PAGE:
Yankees acquire JA Happ from Blue Jays to bolster rotation
NEW YORK — To the New York Yankees, lefty J.A. Happ put check marks in a lot of boxes — familiar with the AL East, comfortable in the postseason and perhaps most importantly, successful against the Boston Red Sox.
Hours after ace reliever Zach Britton donned pinstripes for the first time, the Yankees also acquired the starting pitcher they sought. They got Happ from Toronto on Thursday for infielder Brandon Drury and minor league outfielder Billy McKinney.
“We definitely satisfied some needs here,” New York general manager Brian Cashman said.
The Yankees began the day 5½ games behind AL East-leading Boston. They were just 14-14 in their previous 28 games.
Happ, who turns 36 in October, is 10-6 with a 4.18 ERA in 20 starts and was a first-time All-Star. He joins a rotation that includes Luis Severino, Masahiro Tanaka, CC Sabathia and Sonny Gray. Manager Aaron Boone said it hasn’t been determined when Happ will make his Yankees debut.
Happ was 0-3 in his last four starts, and had been hit hard this month by the Yankees and Boston — an error severely cost him. Despite that dip, Cashman said he saw “more upside.”
“He was on the wish list,” Cashman said.
Happ is 7-4 with a 2.98 ERA in 19 games against the Red Sox. He is 14-8 with a 3.98 ERA in 32 starts over the last three years against AL East opponents and also has pitched 10 postseason games with Toronto and Philadelphia.
“I think that certainly helps and that’s part of who he is, part of his resume if you will,” Boone said. “You’re getting a guy that’s experienced, that obviously likes pitching in big ballgames and has been a part of that.”
“So that’s part of the resume but you’re also looking at the talent and what you think you’re getting. And from the talent standpoint, as a pitcher, we feel like we picked like a good one,” he said.
The Yankees play 10 more games against the Red Sox this season and hope to overtake their longtime rivals to avoid a one-and-done matchup in the wild-card game.
Happ has a $13 million salary in the final season of a $36 million, three-year contract, and the Yankees are responsible for the remaining $4,543,011.
Britton reported to the Yankees two days after he was acquired from Baltimore for three pitching prospects. The lefty added $4,387,097 to the Yankees payroll.
New York began the season with a $179 million payroll for purposes of the luxury tax, which left the team room to add salaries and remain under the $197 million threshold.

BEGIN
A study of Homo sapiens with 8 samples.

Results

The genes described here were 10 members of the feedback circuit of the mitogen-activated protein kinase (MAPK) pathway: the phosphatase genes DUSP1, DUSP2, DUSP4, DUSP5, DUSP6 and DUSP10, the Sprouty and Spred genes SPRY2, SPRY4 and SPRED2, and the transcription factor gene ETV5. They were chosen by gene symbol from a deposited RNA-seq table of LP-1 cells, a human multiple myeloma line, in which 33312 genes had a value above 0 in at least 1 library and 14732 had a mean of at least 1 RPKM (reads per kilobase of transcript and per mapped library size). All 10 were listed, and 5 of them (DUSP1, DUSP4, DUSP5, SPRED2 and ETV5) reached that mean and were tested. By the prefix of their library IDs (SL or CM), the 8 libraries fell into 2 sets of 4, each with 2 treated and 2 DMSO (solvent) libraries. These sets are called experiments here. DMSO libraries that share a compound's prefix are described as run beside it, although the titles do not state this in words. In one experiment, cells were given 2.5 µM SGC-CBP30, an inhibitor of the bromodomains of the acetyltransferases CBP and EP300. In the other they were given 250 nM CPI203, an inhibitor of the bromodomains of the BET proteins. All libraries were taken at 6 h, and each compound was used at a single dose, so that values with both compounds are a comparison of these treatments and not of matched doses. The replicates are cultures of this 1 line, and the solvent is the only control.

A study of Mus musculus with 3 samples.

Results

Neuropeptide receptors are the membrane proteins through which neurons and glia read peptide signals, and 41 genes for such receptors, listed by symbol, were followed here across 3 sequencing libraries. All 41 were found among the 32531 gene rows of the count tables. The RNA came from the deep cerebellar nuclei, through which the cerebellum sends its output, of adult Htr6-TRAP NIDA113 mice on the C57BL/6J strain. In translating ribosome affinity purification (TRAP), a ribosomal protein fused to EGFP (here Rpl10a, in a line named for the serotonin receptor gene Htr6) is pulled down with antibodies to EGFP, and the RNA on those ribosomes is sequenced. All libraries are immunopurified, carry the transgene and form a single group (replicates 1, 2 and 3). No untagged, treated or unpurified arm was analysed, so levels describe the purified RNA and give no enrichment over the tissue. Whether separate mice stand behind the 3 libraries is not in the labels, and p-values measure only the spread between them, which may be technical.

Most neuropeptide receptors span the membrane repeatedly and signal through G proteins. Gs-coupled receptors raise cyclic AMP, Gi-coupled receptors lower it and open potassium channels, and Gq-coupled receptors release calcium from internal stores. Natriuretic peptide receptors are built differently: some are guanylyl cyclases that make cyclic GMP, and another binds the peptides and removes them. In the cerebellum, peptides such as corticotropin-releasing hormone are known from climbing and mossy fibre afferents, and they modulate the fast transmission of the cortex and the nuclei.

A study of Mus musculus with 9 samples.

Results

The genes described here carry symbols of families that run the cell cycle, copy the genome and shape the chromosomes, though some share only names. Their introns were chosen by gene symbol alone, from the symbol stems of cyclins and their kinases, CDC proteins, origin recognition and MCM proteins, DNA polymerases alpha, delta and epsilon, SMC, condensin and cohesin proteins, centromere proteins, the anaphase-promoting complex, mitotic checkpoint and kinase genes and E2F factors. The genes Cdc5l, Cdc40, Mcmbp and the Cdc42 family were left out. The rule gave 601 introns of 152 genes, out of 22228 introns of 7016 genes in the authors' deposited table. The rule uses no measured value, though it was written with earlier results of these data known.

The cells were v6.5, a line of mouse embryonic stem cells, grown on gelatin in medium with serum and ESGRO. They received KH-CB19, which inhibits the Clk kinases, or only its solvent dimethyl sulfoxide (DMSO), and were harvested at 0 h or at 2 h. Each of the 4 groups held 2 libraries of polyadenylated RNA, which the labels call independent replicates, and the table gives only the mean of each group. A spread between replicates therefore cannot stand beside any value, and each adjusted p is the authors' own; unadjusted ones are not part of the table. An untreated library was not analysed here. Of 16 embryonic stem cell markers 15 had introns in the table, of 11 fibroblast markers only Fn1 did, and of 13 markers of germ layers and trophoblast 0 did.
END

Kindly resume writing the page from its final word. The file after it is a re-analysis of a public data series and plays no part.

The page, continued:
Britton joins a strong bullpen that includes closer Aroldis Chapman, Dellin Betances, David Robertson and more. Chapman will stay in the closer’s role.
“I’m ready for whatever situation,” Britton said. “I understand what Chapman has done in this game.”
The 30-year-old Britton had surgery on his right Achilles last December and made his season debut on June 12. He is 1-0 with four saves and a 3.45 ERA in 16 games, and hadn’t permitted a run in his last eight appearances, giving up three hits in eight innings.
“I’m starting to feel like myself,” he said.
Britton was dominant in 2016, with a 0.54 ERA and 47 saves in 47 chances. He converted an AL-record 60 straight save opportunities from October 2015 to last Aug. 21.
Drury, who turns 26 next month, was acquired by the Yankees from Arizona in February and began the season as their starting third baseman. He went on the disabled list after the team’s eighth game because of blurred vision and migraines, and he lost his job to big-hitting rookie Miguel Andujar.
Drury played in just 10 games for New York since and spent most of the season at Triple-A Scranton/Wilkes-Barre. He hit .176 with one home run and seven RBIs in 18 games for the Yankees.
“Definitely not what I expected the season to be like as a Yankee,” he said.
“It wasn’t what I planned,” he said. “I had bad breaks along the way.”
Wearing a T-shirt that read “We Play To Win,” Drury shook hands with several clubhouse workers as he prepared to pack. He was set to be in the starting lineup Friday night when Toronto, with a 46-55 record, visits the Chicago White Sox.
“This is a big leaguer,” Boone said. “Hopefully, this is a fresh opportunity.”
The 23-year-old McKinney was selected by Oakland with the 24th overall pick in the 2013 amateur draft, was traded to the Chicago Cubs with Addison Russell and Dan Straily for Jeff Samardzija and Jason Hammel in July 2014, then dealt to the Yankees along with Gleyber Torres and Adam Warren for Chapman in July 2016.
McKinney has played two games for the Yankees, filling in on March 30-31 because of injuries to other outfielders. He is hitting .230 with 13 homers and 35 RBIs in 62 games this year for Class A Tampa, Double-A Trenton and Scranton.
The Blue Jays made another trade Thursday, sending right-handed reliever Seunghwan Oh to Colorado for minor league infielder Chad Spanberger, outfielder Forrest Wall and a player to be named or cash.
The Yankees optioned righty Luis Cessa to Triple-A Scranton/Wilkes-Barre and selected the contract of outfielder Shane Robinson from the minor league club.
Also, rookie right-hander Domingo German, who made 13 starts for the Yankees before recently being sent to Triple-A, exited Scranton’s game after one inning with what Cashman said was biceps tendinitis.